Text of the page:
The program allows plasma from recovered COVID-19 patients to be donated, screened and used for treatment in current patients.

Health experts believe that people who recover from COVID-19 can do so, in part, because they have antibodies which can fight off the virus. Antibodies exist in plasma and plasma can be pulled from the blood.

The program was successfully approved on May 5, after the Health Care System’s Research Office reviewed options for how the treatment could be provided at Charles George VA Medical Center.

Dr. Khalid Bashir, the principal investigator who has been in communication with Mayo Clinic personnel, said in a news release the health care system’s involvement with the program to this point has been to acquire convalescent plasma for sick patients. He also said anyone who wanted to be considered as a donor should contact a local blood bank.

Dr. Brian Peek, associate chief of staff for research and development in Asheville, said inclusion in the program makes the local system stand out in the fight against COVID-19.

“This is truly a unique time,” Peek said in a news release. “The Western North Carolina VA Health Care System is partnering outside of the Veterans Health Administration to work with national experts to combat this virus in our hometown.”

Amber Goetschius, research program specialist, agreed and said just getting approved for the treatment was no simple feat.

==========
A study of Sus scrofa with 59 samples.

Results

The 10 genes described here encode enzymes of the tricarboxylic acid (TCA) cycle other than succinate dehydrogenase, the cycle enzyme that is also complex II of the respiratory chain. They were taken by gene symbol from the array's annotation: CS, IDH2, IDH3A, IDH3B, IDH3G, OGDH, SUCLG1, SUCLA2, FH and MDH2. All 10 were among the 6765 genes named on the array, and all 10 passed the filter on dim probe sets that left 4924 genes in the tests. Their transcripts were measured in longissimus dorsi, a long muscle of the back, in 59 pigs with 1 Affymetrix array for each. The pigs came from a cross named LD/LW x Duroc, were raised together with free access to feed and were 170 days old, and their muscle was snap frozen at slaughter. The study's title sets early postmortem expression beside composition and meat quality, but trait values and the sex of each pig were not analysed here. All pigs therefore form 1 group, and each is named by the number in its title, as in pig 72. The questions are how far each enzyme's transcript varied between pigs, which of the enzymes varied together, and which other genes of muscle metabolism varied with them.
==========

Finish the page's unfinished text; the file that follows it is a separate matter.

“New treatments such as this are only available through very specific pathways called expanded access programs,” she said in the news release. That’s in order to ensure the safety of the patients and to ensure that the treatments are only used in the most appropriate patients. “Our facility leadership worked with physician specialists and research to develop policies and agreements with Mayo Clinic – one of the country’s leading research institutions.”

The local Health Care System was able to demonstrate the clinical expertise and the infrastructure to appropriately deliver the cutting-edge care to patients, she added.

“Once the many documents were in place and signed, our doctors were able to consider this product – which would not otherwise have been available – for treatment of our patients,” Goetschius said in the release. “Within one day of having this option, a patient was identified and had received the treatment.”

But, Dr. Timothy Burns, research pharmacist, said the situation had its own unique set of challenges.

“This type of treatment carries the difficulty of how to obtain informed consent because patients are usually unable to provide consent when they need the treatment,” Burns said in the news release. “If another person comes in to provide consent, they would then be exposed to a higher risk environment.”

In this instance, Burns arranged consent to be provided by a family member at Charles George VA Medical Center’s drive-through pharmacy.

Peek said without the research program, Health Care System veterans would have to be evaluated and referred to another medical center for other treatment options such as this.

“In addition to increasing treatment availability, we stand out by having our clinicians involved in the use of new therapies and interacting with experts around the country in the early stages of treatment advances,” Peek said. “This brings the best care to our VA population.”